Letter from the Editor: Words and context
Translation and interpretation are about about context, message, sense; it's not just a matter of words.
Now picture the disengaged grapes that some airlines like to place on a fruit plate – and that always seems about to roll off into the aisle. Sad little spheres, they seem to be confused and end up causing confusion. I imagine them rolling aimlessly through the cabin from Sydney to Bangkok, and some even rolling their way all the way to Rome.
Orphaned words are just as sad when they roll off the tongue. “Tell me, how do you say coyuntura in English?” The bereft vocable falls off its tray and splatters in confusion on the ground! “In what contexto do you want it?” you think too late.
I once had to accompany a Spanish speaker who spoke English well and wanted me there for back-up as it were. The problem was that he always wanted to know how to say an isolated word before beginning the sentence in which it was to be used. Normal enough, but I was having trouble reading his mind that day.
Online translation programs seem to read minds even less well. A recent BBC article highlights some real economic consequences resulting from reliance on such programs, pointing out that “There are many instant translation programs on the web – but they are best used for individual words and short phrases, rather than for brochures, books or anything complex.” Ah, those good ideas to save money on language services can end up being expensive!
“The main problem is too much of an obsession with words and not enough attention to sense,” says Sergio Viaggio, Chief Interpreter of the UN Office in Vienna. We are recycling his “Tribulations of a Chief Interpreter” because it still has great relevance and deserves greater visibility on our site. We also think many of our readers will want to hear what a chief interpreter looks for in those he hires.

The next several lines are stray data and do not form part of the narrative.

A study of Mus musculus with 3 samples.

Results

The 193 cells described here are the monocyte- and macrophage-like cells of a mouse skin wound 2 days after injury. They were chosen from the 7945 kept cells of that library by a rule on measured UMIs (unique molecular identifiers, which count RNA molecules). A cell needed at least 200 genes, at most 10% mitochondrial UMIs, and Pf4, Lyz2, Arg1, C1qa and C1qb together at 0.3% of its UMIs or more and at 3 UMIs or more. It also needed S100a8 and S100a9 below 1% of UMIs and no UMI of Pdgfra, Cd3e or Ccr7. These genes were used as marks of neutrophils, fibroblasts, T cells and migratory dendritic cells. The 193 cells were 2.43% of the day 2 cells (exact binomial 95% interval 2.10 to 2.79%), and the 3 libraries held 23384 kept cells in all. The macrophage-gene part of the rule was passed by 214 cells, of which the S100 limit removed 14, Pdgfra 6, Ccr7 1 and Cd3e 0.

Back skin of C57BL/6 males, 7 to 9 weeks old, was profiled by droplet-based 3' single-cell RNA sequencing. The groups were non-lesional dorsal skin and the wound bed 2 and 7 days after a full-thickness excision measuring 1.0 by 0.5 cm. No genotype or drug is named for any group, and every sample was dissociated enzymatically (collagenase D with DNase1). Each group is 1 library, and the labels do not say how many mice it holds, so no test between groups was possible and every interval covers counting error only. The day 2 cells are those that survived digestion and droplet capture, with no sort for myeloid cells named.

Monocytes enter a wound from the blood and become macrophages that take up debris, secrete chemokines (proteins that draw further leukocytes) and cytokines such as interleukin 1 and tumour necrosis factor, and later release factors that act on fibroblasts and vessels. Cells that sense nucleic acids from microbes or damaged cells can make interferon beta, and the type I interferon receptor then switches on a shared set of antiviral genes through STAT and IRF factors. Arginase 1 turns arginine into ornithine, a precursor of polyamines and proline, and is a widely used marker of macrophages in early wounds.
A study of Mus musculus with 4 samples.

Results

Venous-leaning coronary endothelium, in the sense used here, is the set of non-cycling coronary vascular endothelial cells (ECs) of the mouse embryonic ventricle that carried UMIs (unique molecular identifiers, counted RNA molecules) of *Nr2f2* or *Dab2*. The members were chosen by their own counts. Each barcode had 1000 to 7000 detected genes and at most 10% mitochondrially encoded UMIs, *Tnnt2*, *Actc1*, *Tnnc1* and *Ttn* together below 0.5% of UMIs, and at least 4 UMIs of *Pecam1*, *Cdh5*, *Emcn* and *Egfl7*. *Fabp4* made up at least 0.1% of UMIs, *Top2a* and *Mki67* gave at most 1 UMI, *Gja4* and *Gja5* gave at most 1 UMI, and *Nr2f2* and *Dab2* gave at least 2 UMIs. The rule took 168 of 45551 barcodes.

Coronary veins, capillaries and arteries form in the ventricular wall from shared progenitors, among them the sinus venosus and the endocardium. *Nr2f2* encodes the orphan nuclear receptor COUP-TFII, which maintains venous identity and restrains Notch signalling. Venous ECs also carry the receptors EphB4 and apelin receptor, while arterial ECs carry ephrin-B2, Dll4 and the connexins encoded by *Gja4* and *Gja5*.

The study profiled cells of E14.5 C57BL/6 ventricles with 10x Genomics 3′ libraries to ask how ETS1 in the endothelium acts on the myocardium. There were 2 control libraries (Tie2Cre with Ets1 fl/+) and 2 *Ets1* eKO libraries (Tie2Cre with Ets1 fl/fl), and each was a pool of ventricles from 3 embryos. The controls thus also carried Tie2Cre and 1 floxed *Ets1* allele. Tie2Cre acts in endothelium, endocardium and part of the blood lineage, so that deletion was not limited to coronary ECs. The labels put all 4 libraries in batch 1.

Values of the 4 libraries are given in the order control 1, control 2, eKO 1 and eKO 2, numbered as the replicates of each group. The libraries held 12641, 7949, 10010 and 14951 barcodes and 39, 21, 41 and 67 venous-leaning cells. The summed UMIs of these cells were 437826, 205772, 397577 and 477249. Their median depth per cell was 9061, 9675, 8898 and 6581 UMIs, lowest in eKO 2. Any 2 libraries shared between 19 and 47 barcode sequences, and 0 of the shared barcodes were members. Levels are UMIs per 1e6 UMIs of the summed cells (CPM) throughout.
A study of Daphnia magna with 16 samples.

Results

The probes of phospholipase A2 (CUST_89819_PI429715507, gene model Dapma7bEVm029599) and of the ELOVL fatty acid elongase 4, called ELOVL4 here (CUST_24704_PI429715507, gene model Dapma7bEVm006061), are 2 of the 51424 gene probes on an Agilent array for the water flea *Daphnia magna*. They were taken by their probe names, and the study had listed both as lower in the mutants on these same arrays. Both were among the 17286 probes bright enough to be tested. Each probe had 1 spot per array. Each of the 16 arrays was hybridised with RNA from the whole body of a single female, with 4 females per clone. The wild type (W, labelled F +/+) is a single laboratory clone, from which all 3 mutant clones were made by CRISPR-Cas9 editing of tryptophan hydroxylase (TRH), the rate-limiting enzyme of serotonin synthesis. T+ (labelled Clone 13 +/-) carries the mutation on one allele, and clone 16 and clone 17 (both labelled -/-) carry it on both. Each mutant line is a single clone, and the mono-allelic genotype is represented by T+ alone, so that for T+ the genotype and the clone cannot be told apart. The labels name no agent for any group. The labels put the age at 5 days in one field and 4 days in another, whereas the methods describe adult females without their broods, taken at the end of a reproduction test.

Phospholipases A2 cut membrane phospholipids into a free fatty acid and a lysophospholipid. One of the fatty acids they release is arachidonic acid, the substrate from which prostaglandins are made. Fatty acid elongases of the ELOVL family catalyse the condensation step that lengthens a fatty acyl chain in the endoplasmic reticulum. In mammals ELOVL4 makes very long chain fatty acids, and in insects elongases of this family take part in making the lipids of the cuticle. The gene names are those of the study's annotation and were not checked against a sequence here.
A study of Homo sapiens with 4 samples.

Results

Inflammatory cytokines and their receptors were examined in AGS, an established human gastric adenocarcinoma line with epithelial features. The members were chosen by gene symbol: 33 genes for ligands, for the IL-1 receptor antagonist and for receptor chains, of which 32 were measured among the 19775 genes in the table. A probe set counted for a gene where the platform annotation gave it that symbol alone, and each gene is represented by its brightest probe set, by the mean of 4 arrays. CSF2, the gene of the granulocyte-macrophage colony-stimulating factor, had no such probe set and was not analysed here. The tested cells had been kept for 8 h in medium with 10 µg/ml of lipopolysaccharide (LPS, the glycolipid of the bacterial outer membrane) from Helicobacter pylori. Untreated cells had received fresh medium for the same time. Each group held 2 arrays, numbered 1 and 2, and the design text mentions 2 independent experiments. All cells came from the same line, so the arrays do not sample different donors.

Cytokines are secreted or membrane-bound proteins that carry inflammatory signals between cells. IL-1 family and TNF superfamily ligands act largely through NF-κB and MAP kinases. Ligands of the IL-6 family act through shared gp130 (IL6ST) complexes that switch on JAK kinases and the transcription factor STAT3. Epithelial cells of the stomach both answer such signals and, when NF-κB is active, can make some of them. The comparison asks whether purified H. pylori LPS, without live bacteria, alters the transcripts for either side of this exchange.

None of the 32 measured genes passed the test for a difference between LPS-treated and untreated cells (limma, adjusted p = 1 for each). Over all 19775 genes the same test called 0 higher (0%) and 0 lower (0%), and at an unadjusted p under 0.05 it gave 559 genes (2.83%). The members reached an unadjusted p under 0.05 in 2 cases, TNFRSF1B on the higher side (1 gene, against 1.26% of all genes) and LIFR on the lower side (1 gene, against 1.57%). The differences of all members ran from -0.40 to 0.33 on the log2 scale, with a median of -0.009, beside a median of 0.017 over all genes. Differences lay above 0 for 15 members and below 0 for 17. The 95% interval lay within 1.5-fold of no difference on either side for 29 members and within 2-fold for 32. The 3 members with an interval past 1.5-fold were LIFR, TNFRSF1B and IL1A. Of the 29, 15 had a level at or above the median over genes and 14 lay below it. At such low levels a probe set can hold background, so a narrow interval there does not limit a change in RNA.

Words can also be approached and handled as terminology used in a specific context. We have all jotted down lists in one way or another, on pads or scraps of paper and more recently on our laptops. In this issue, Peter Sand tells us of a terminology management program he has developed to facilitate the work and make it easier to find a word when in the booth.
If you were to add up the days, you would find that interpreters spend years of their lives in conference rooms. They and their work, however, are not often the subject of discussion. But when the German region of AIIC held festivities to wish the association a happy birthday (once again), the tables were turned: users of our services were invited to say a few words about what we do. Katherine Vanovitch’s article tells us about that evening in Berlin.
Interpreters are often offered words of thanks at the close of a meeting, but rarely are they asked to contribute their insight to the group. That trend was also overturned recently when a group of colleagues volunteered their services to Amnesty International. Phil Smith and Phil Hill opine that “Words can stir you or put you to sleep.” Get the context in their “Words for Amnesty”.
We’ve all heard of empty words, but in this issue we are offering an (almost) empty article - with an invitation to you, our readers, to leave us a holiday gift of words. It is said than an image is worth a 1000 words, but we’ll accept fewer under “Tools of the Trade.”
When a translator or interpreter is immersed in the context, seeing through the eyes of the author or speaker, tracking the sense, words don’t get in the way. To the contrary, they seem to open a path and beckon us onward. I sometimes imagine this happening when I find an excellent translation. I’ve always wanted to congratulate the person or persons who worked on the English version of Pedro Almodovar’s film “Átame.” The English title “Tie me up, tie me down” has become a concise reminder to me that translation is more than word-for-word replacement therapy. Six words for two – a cluster of flavor and meaning.
Articles published in this section reflect the views of the author(s) and should not be taken to represent the official position of AIIC.